I am doing the A-Z challenge, focusing on places or entities that can be found within Mendocino County. I do not intend to imply that the subjects of my writing are the most significant, only that they have personal relevance to me. Today’s letter is N for Nature Conservancy.
When I think back to the times I have spent at the Nature Conservancy, I remember those occasions with a great fondness. The official name for this facility is Angelo Coast Range Reserve, and it is the site of much research and teaching. “Since the 1980’s, field research has been conducted at the Angelo Reserve by faculty and students from a number of institutions, including U.C. Berkeley and U.C. Davis, Humboldt State University, and the University of Utah, Logan. A number of agency researchers have monitored the Angelo Reserve to check on the status of endangered species (spotted owls, marbled murrelets). Field scientists from the UCGS have sampled bacteria and physico-chemical properties of Elder Creek to establish baseline standards of purity for natural waters.” *
However, my fond memories have nothing to do with research conducted here, and everything to do with groups of students that Paul and I brought out here for the purpose of building class unity and teamwork with our multi-graded classes, back in the early nineties. From Laytonville it is about a forty-minute bus ride out to the Nature Conservancy, and we used to work out a deal with the district bus drivers to take us out before the morning bus runs, so that we had a full day at the conservancy.
The year that stands out to me was one in which Paul and I (and Annie) went out to the conservancy the week before school opened, because we were preparing for sixth, seventh and eighth graders in the same classroom. The first thing we noticed was that there were apple trees in full harvest mode, with several being loaded to the top with perfectly ripe and ready apples. Because we were starting out in social studies with the early time period in United States history, and would be studying the Westward movement early on, we wanted to give the students the experience of investigating different ways to preserve food, without refrigeration. Apple were right on target, as we canned them, made apple sauce and canned it, made apple butter and canned it and made fruit leather.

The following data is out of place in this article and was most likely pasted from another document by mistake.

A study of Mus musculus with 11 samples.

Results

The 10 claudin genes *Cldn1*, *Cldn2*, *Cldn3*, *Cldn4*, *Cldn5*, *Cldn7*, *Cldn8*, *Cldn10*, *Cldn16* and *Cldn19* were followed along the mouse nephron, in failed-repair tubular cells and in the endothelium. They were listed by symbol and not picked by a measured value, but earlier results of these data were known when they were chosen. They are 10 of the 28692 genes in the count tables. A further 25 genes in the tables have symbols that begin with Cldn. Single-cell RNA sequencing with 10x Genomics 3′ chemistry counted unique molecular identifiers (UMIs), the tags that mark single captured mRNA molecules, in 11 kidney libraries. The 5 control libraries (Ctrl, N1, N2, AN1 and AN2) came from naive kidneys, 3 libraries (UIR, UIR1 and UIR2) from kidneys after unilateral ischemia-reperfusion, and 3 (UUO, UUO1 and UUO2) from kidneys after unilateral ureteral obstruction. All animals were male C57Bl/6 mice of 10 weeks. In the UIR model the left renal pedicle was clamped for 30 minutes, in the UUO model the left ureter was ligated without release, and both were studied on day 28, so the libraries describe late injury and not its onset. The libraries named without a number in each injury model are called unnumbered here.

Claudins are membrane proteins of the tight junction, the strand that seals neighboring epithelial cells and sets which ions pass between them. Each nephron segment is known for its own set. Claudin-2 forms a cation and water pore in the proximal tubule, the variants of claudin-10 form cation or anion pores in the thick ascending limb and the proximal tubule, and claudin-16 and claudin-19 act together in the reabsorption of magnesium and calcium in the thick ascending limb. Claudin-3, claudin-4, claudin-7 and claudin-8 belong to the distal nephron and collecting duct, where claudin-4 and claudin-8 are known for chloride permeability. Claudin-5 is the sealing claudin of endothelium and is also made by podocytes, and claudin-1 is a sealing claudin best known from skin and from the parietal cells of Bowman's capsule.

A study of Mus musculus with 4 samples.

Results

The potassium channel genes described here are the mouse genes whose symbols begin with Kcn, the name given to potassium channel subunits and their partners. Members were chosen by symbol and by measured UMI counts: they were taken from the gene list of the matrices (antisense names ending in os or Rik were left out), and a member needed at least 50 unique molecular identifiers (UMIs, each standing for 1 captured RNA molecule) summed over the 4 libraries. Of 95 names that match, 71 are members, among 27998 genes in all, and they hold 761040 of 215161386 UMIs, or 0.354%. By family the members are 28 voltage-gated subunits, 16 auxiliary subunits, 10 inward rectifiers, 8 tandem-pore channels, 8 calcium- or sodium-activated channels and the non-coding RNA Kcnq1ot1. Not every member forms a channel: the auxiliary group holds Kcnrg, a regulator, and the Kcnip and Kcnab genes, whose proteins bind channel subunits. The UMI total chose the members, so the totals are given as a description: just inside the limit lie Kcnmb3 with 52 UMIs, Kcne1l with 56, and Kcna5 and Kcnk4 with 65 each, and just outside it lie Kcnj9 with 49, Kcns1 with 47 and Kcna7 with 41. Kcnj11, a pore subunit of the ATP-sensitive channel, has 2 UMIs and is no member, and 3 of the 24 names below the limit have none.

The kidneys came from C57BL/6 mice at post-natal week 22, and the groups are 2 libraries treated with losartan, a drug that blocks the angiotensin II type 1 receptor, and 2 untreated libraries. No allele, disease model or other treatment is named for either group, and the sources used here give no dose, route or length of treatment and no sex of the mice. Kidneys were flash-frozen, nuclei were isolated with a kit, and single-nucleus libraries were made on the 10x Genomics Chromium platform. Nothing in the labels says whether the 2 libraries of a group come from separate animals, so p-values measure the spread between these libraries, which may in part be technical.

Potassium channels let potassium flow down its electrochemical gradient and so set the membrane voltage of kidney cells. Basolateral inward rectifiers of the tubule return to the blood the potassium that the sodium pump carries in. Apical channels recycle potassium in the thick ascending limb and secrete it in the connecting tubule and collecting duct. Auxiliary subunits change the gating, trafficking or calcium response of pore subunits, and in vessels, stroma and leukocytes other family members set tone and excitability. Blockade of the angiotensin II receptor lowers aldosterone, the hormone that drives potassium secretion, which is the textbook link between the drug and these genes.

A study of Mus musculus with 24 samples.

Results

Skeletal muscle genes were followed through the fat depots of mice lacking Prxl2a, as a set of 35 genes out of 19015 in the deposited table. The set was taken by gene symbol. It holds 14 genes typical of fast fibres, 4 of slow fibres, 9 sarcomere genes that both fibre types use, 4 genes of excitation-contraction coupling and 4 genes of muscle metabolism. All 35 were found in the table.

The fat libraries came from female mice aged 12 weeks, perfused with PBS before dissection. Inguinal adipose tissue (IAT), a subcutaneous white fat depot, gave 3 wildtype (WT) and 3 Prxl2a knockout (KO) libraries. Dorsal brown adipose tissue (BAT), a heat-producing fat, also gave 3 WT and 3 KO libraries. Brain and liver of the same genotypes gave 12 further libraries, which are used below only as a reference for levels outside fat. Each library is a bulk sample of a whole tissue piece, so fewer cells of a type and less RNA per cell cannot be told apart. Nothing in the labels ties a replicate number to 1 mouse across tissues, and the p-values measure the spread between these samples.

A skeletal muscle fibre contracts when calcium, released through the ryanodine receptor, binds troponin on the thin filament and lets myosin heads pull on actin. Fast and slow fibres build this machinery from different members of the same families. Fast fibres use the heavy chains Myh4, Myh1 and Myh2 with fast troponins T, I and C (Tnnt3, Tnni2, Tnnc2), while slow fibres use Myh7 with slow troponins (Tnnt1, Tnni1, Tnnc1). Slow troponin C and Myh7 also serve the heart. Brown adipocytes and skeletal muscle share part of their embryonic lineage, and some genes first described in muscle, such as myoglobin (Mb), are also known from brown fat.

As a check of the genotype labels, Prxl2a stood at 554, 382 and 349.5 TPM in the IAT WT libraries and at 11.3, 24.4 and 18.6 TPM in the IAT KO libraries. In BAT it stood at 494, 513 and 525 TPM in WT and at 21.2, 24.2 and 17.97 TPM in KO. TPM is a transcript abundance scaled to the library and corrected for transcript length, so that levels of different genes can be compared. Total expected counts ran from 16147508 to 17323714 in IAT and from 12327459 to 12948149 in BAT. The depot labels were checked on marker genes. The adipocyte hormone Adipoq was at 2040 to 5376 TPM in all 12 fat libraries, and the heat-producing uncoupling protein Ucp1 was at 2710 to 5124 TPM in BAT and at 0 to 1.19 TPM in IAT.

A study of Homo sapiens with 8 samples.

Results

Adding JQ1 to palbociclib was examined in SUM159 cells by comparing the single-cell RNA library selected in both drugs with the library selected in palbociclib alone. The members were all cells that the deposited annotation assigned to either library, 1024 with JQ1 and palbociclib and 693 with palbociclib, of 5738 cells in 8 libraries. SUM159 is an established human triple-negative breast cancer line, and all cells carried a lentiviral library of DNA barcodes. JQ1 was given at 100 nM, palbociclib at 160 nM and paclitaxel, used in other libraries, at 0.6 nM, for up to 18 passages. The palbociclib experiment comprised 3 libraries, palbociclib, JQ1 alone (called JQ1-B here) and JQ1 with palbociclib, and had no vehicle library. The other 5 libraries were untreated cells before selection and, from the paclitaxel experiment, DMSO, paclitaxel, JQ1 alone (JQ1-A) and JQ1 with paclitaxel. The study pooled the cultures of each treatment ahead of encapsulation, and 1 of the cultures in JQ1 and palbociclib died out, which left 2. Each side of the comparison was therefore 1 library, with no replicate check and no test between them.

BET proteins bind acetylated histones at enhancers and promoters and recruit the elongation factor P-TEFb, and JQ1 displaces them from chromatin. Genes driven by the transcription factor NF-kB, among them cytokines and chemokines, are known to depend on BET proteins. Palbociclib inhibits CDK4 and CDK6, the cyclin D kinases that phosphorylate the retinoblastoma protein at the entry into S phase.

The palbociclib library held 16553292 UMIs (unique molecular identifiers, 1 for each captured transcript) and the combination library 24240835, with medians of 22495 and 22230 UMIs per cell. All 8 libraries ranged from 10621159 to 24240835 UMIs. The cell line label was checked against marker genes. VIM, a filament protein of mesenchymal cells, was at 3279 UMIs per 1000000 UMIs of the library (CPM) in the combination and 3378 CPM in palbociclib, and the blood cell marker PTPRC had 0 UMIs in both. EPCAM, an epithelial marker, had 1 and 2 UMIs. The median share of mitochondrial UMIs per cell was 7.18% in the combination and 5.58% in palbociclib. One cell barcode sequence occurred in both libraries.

We took kids to the river and calculated the rate of flow of the current; we hiked, we did journals, and we engaged the kids in team-building exercises, with the goal being to get them to think of their classmates as exactly that-classmates, as opposed to sixth, seventh and eighth graders.
This was back in an era when the Laytonville Unified School District applied for, and received a grant for restructuring the schools in our district. This was before George W. Bush’s inane attempt to inflict the STAR Testing on our state’s schools, an effort that has reduced education to a travesty of teaching to the test, and eliminating the Arts from the classroom.
We were gratified to see our concentrated efforts at student equality pay off later on during the year, as the eighth graders were much more receptive to the views of the sixth graders inside the classroom, and less likely to give them grief outside the classroom. There is no other place in our culture, where people are grouped by age level, and we wanted our students to blend together as equals, at least in the context of the middle school.
I remember one of the hardest parts of the conservancy field trips was the fact that we had to walk from the point where the buses dropped us off, to the point where the apple trees and the “kitchen” where we processed the apples, were located. But middle school kids need to be active, and we were able to get them to buy into the whole process by reminding them that we could be inside a classroom, waiting for a bell to ring, so that they could move to a different classroom. There were no bells out at the conservancy.